Eating Ones Children.
In the times before the fall of Jerusalem to Babylon, a mention of eating ones own children was a graphic, effective warning of starvation that could, often did, result in a town that was besieged by its would-be destroyers. In the text below, "Israel" and "Samaria" seem to be synonymous. Though, possibly Samaria referred to the capital of Israel, which nation was distinct from Judah future home of the "Jews."
2 Kings 24: "... king of Syria gathered all his host, and went up, and beseiged Samaria.
2 Kings 25: "And there was a famine ..."
During which, pigeon dung was sold for silver, to be apparently, eaten.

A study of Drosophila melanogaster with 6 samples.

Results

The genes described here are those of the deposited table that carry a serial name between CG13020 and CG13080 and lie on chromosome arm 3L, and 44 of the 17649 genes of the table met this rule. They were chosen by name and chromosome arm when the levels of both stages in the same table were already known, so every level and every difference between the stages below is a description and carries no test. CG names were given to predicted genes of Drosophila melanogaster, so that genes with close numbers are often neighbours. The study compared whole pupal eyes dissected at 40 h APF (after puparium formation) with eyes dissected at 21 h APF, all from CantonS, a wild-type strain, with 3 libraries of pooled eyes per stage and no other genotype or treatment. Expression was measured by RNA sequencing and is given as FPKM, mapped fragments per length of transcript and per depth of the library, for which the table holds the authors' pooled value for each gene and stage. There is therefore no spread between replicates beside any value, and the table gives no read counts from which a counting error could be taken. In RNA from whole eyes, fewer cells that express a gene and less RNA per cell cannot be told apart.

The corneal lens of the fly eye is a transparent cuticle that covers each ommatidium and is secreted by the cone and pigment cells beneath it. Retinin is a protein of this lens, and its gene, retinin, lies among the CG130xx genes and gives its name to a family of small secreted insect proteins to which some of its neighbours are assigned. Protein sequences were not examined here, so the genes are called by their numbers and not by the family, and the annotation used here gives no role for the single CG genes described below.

2 Kings 26: "And as the king of Israel was passing upon the wall, there cried a woman within..."
2 Kings 29: "So we boiled my son and did eat him..."
2 Kings 30: "... when the king heard the words of this woman, he rent his clothes."
Rending of Robes.
Why are there instances, in the Old Testament, of people rending their robes?
An early instance of the custom seems to trace back, in stories, at least as far as Jacob rending his garments upon seeing the bloody cloak of his son Joseph. In Genesis 37:34:
"And Jacob rent his clothes and put sackcloth upon his loins, and mourned ..." .
It has been estimated that, before the Industrial Revolution, one shirt would take more than 400 hours of labor: just to spin thread, to weave cloth, to tailor. Fine robes worn of a king might be worth more than one year's labor by a working man. People knew the that royal robes indicated wealth or power. When the king publically tore his robes, he was communicating the seriousness of his distress for his beseiged people.